By Jake Thomas
FDA scientists: Data shows Moderna vaccine protection lasts, unsure of booster need
U.S. Food and Drug Administration scientists said data show that Moderna's two-shot vaccine provides enough immunity from the virus and a third is unnecessary to protect against the more contagious Delta variant.  Photo by Debbie Hill/UPI | License Photo

Oct. 12 (UPI) -- U.S. Food and Drug Administration scientists are holding off on recommending a booster shot of Moderna's COVID-19 vaccine, but say data could show that it is needed for some people.

In a document published Tuesday, scientists said data show that Moderna's two-shot vaccine provides enough immunity from the virus and that they are aware of studies the agency has not reviewed that may show a third shot is necessary, but did not take a stance on approval of booster shots.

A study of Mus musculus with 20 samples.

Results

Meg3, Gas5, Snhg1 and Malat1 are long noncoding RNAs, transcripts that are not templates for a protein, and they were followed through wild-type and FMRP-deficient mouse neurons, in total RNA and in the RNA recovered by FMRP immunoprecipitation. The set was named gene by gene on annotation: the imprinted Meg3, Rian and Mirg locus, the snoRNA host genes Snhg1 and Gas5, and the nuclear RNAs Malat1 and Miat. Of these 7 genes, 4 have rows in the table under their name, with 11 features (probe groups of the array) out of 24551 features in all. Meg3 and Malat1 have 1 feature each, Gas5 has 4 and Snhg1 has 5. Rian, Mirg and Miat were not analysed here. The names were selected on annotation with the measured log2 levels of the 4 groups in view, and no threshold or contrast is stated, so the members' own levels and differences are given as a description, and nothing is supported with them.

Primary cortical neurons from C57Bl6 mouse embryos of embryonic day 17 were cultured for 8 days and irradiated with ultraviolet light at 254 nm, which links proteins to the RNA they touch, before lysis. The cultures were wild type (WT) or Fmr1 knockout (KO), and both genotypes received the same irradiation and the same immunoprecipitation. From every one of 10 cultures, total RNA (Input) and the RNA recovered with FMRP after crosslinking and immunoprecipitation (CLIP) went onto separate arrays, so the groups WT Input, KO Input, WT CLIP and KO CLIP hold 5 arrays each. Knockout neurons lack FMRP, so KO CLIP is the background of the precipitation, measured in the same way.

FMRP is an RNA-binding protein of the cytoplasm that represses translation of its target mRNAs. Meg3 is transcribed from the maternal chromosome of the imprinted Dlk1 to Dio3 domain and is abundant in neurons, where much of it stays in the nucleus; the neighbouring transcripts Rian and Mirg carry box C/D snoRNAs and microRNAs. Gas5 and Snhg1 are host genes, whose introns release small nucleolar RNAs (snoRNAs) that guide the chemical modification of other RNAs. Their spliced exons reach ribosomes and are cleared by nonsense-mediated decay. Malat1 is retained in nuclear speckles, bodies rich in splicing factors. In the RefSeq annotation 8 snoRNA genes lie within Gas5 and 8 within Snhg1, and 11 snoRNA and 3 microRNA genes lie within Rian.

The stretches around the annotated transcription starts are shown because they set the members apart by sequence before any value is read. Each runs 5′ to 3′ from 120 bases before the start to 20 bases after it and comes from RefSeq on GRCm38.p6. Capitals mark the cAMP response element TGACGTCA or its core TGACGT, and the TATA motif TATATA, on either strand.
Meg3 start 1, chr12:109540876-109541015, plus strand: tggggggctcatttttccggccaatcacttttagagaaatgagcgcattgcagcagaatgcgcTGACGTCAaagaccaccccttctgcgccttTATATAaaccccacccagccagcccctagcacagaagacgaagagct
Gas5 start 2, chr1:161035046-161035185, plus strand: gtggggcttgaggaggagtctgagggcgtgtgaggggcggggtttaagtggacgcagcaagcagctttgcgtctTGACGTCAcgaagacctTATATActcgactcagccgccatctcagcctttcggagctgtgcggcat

FDA scientists submitted the document to the committee, which will consider the request Thursday. The scientists acknowledged some studies have pointed to declining effectiveness of Moderna's vaccine.



In September, the FDA granted emergency clearance for a third booster dose of the Pfizer-BioNTech two-shot vaccine for older people, as well as those at high risk of a severe COVID-19 case or who face frequent exposure to the virus at work.


Earlier this month, a European Union drug regulator signed off on boosters of Moderna's vaccine, as well as Pfizer's two-dose shot, for immunocompromised people. European regulators based the recommendation on the additional shot for people who had organ transplants or weakened immune systems.

Johnson & Johnson has also asked for approval of a booster shot for its COVID-19 vaccine for adults age 18 and older.